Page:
This morning, the editorial board at the Press of Atlantic City published a piece that compares widespread, bipartisan, and surging resistance to the Common Core-aligned PARCC exams to other “anxiety attacks” to which Americans are evidently prone. Their conclusion: “Relax, folks.”
How shortsighted, condescending, dismissive, and ignorant.
My first question, obviously, is this: what authority does the editorial board at the Press of Atlantic City have to comment on the test-refusal movement that’s sweeping New Jersey? Are there any education experts on the board? Any parents of public school children? And how carefully have the board members researched, tracked, and evaluated the very real and very alarming concerns that are driving the test-refusal movement?
As I am not a regular reader of the Press of Atlantic City, I don’t know the answers to these questions. I am, however, shocked at the arrogance it takes for an editorial board to proclaim that four legislative bills that have bipartisan support–and that have generated extraordinary public participation in the legislative process–are “unnecessary.” I’m shocked at the arrogance it takes for an editorial board to call what most would label a public-education crisis as “hoo-ha.” And perhaps most importantly, I’m shocked at the arrogance and ignorance it takes for an editorial board to suggest that people “relax” and “withhold judgment and give the test a try.”
Actually, New Jersey parents, educators, and taxpayers have “give[n] the test a try.” Take the PARCC events are being conducted all over the state, and at such events, glaring problems with both the test and the technology it requires have been exposed. People with PhDs have attempted the PARCC and decried its content and construction and have expressed doubt about whether they themselves would earn a passing scores. Literacy experts like Russ Walsh have determined that the tests are designed to fail students because the reading levels of test passages are inappropriate for children in many grades. Teachers have been in-serviced on the PARCC tests and instructed by their superiors–who feel virtually threatened by the NJDOE–to directly teach to the PARCC tests. And just this week, schools that began administering the PARCC tests early ran into “glitches” that forced them to cancel testing altogether for the day.
(I wonder if members of the Press of Atlantic City editorial board have attended any Take the PARCC events–or even tried, independently, the practice tests that are available online. If so, I’d be interested to hear their reactions–and see their scores.)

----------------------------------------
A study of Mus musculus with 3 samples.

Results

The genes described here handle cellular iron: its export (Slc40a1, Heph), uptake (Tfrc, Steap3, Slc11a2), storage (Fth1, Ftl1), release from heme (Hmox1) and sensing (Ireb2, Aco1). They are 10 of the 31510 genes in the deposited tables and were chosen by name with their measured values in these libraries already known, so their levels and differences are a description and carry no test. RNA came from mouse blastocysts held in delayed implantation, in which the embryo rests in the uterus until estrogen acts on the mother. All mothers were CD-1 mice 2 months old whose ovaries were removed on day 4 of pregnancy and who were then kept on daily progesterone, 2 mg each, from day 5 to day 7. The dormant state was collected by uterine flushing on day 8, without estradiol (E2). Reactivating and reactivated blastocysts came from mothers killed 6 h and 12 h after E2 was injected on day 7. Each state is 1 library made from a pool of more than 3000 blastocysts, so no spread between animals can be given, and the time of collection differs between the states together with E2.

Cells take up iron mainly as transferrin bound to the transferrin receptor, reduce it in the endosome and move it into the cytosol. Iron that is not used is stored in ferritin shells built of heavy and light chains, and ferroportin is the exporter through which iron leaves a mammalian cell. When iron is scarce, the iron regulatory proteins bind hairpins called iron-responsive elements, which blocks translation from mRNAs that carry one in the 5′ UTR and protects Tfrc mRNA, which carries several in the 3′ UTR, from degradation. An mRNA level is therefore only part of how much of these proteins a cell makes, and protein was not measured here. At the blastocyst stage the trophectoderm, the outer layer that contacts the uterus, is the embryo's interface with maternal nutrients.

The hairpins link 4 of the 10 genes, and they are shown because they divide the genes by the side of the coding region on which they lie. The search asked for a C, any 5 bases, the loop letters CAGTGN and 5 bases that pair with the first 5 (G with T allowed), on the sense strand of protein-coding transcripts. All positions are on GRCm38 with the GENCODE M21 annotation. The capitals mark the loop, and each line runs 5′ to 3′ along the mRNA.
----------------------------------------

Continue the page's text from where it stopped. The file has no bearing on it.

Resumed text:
We’ve also seen, firsthand, the ways in which the PARCC tests have forced a narrowing of the curriculum, promoted cuts in academic and extracurricular programs, impeded children’s natural love of learning, and required districts to spend hundreds of thousands in taxpayer dollars to comply with the NJDOE’s unfunded mandates.
And let’s not forget to mention the problems with Pearson, the British for-profit corporation that produces and scores the tests (actually, people who respond to Craigslist solicitations score the tests for $11/hour) and has a decades-long history of test-construction and scoring errors and millions in payouts in legal settlements.
Has the Press of Atlantic City editorial board considered any of this–or that more than a dozen states that initially signed up for PARCC dropped it before they could even administer the tests?
The board the goes on to blame “special interest groups” like the Tea Party and the NJEA for the widespread test resistance that’s happening in New Jersey, but in what is perhaps the most offensive paragraph in the piece, the board concludes this:
And the parents who say the test is making their children anxious are also overstating their case, in our opinion. Schools have been giving standardized tests — and students have been anxious about them — for decades. And if truth be told, parents and teachers have a lot to do with inducing that anxiety.
Yes, it’s true that standardized tests have been around for decades; adults who went through public schools before the NCLB testing craze began likely remember the low-stakes CAT or IOWA tests–or elective, higher-stakes tests like the SATs. The punitive testing we’re experiencing under NCLB and RTtT, though, is nothing like anything we have ever seen, and the damage it’s doing is unprecedented.
Blaming that damage on parents and teachers is immeasurably reckless, irresponsible, and insulting.
But I suppose that only people who have an actual understanding of the educational process, the complexity of child development, and the implications of the PARCC assessment–and not people who sit in behind news desks and blindly direct those who are wholeheartedly invested in and concerned for our children, teachers, and public schools to “relax”–would understand why.